By Rabbi Avrohom Brashevitzky – Chabad of Doral, Florida
This past Shabbos will go down in my own Family History Hall of Fame as one of the most memorable Shabbosim of my life. I met an amazing group of people. One was from New York, two were from Israel and the rest were locals. We had amazing conversations, full of personal anecdotes and fantastic stories. We even played some games together and topped it off with a beautiful Melave Malka.
No, I didn’t take any precautions to keep my distance from them, nor did I wash my hands repeatedly. I wasn’t afraid of contracting any virus or becoming sick. I felt very safe around them. It wasn’t a false sense of security or foolish naivete. It’s just the fact that these were my own children. One flew in from Crown Heights, two came back home from Yeshiva and Seminary in Yerushalayim. The rest are the kids who I’m lucky enough to see all year round.
They aren’t strangers at all. Yet, I can’t say that I knew them as well as I do now!
A conventional Shabbos, with all the good intentions and purpose, never ends up being as intimate and enjoyable as this past one. First of all, I don’t make it home till less than an hour before candle lighting, so I’m already all stressed out with all the last moment hysteria of Erev Shabbos. Then we typically have guests on Friday night, which is wonderful but doesn’t allow for the family exclusivity. Then Shabbos morning I need to make sure to make it to Shul on time to greet my people. By the time I finish running the Davening, Layning, talking and Farbrengen, I’m headed home all tired. Against my best intentions, I just conk out after a short meal. By the time all this is said-and-done Shabbos is almost over.
This Shabbos we were all home. No rush, no anxiety. Preparation for Shabbos began well in advance. We always enjoy great food prepared by our very own Rebbetzin, but this Shabbos was over-the-top gourmet. After all, we had the extra hands from our special visitors. And, we had all this time to fill.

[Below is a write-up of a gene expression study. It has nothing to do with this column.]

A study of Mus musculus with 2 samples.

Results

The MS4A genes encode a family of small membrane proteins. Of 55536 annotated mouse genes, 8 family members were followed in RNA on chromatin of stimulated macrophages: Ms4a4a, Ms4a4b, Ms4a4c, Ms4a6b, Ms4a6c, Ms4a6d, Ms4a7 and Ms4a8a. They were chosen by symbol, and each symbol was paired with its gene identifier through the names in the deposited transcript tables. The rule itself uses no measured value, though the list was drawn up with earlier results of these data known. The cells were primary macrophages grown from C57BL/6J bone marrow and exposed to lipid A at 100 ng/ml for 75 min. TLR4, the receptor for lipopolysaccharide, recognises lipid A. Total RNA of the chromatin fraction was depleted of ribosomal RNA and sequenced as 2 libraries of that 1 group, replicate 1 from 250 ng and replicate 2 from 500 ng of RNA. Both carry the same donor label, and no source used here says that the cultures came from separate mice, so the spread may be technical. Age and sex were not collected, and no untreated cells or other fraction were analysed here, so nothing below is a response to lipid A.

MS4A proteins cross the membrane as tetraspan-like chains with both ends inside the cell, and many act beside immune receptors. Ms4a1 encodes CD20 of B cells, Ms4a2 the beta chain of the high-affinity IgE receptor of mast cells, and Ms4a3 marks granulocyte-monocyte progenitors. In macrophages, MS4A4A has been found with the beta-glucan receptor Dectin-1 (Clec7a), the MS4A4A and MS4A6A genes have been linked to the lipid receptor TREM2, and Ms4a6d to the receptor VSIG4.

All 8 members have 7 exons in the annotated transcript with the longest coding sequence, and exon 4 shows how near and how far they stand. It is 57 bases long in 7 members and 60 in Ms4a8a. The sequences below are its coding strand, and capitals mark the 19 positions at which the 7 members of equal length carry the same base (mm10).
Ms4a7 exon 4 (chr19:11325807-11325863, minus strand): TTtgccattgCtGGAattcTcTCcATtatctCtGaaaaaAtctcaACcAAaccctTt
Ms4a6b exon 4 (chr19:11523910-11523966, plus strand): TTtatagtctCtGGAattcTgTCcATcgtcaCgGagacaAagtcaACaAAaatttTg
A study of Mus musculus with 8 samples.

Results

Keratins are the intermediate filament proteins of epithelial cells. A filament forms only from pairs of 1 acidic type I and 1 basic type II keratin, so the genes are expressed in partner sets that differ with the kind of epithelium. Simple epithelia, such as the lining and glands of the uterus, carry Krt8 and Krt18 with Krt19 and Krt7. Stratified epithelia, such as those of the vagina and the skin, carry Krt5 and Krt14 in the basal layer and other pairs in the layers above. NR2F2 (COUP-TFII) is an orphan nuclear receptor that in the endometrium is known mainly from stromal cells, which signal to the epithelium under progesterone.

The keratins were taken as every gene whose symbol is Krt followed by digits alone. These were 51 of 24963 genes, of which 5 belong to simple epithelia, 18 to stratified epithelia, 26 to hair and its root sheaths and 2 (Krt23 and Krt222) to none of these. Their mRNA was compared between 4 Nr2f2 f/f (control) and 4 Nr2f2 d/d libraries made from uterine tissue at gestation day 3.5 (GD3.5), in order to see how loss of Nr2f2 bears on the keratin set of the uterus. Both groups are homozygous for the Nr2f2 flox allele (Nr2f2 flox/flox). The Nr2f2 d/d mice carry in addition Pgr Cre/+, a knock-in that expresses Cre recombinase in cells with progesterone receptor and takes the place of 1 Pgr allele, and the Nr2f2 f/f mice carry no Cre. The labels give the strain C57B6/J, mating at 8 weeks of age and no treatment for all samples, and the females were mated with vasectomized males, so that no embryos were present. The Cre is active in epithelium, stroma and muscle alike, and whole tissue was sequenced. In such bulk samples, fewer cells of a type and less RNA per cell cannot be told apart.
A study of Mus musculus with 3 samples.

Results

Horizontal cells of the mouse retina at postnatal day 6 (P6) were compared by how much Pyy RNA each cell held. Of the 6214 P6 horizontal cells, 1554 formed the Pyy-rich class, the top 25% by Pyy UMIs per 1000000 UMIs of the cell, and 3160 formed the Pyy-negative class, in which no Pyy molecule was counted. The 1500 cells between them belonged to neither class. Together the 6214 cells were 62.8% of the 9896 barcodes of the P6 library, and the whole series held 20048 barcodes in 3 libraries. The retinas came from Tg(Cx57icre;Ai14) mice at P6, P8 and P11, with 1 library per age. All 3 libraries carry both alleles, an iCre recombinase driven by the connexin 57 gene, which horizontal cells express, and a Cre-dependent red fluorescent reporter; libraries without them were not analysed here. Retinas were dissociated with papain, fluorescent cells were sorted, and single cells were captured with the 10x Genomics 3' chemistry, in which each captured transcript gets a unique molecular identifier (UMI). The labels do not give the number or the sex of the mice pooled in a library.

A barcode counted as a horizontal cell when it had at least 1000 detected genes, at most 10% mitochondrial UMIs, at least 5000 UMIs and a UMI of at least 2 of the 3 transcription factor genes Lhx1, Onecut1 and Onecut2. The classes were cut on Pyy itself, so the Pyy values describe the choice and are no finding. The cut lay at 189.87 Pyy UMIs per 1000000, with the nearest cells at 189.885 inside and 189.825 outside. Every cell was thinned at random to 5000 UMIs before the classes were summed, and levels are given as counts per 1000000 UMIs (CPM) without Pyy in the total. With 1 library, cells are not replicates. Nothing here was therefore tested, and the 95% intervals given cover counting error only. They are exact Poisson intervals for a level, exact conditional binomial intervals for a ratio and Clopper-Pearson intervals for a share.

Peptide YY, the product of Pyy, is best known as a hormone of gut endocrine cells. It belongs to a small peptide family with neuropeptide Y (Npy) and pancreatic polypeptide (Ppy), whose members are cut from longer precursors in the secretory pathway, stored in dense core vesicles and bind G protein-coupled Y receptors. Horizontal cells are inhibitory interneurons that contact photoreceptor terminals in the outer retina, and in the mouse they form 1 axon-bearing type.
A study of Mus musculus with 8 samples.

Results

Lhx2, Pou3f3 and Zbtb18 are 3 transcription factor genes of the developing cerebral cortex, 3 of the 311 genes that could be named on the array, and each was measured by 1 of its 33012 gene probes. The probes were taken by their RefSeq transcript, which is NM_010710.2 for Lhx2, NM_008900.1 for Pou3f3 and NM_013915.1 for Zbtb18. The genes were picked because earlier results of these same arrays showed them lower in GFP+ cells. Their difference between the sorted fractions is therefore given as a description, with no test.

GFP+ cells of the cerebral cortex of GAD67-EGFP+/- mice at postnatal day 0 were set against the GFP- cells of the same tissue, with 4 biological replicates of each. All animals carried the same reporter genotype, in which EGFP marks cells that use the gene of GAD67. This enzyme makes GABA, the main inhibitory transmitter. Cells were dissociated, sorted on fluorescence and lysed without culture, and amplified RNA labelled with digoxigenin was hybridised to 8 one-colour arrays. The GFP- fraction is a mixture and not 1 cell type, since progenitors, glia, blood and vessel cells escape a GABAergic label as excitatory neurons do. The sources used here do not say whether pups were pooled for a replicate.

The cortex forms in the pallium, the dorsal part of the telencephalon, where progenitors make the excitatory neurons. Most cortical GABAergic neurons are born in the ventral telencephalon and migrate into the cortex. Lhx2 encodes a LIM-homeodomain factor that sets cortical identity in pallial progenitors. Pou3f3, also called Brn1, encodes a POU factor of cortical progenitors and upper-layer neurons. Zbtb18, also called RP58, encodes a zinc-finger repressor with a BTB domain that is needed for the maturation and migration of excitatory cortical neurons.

I davened at The Koisel. The same one I often Daven at (I do live on Shlichus. We don’t have Minyonim most of the week), albeit not on Shabbos mornings. We said Tehillim. We even talked during Davening. We forgot to Bentch the Chodesh till much later in the afternoon when someone remembered (it almost felt like being in 770 with one of the very late Minyonim…). All worked out. We managed to get through this rough hurdle of Davening without a Minyan, at home.
We laughed. We repeated stupid jokes. We even heard Dvar Torahs from the children, which they downloaded from online school and were reading for the very first time. We even got around to deciding policy for President Trump and his task force (in lieu of the Shabbos morning Mikvah). And of course, we kept on answering the same question all the time: “so what do you think is going to be?” — everybody got a chance. As our crystal ball was under Muktzah, we just did so by utilizing our “Schunah extra sense” which we hopefully still have after so many years of living away from Crown Heights.
Okay. Now for a reality check… All of the above is pretty much accurate, at least as I would have liked it to be. More or less, it did go as described. However, before you become very envious of our amazing family and the white picket fence (which we DON’T have) — let me assure you that we are just ordinary people like you and everyone else. After being home for an entire week and now Shabbos, minus the phones and communication… some moments weren’t as enjoyable. There were flashes of teasing and bickering. The kids do love each other, but everything has a limit…
So, I hope and pray that this Shabbos remains a good memory, never to repeat itself – at least not the way it was thrust upon us. I’m sure you feel the same way.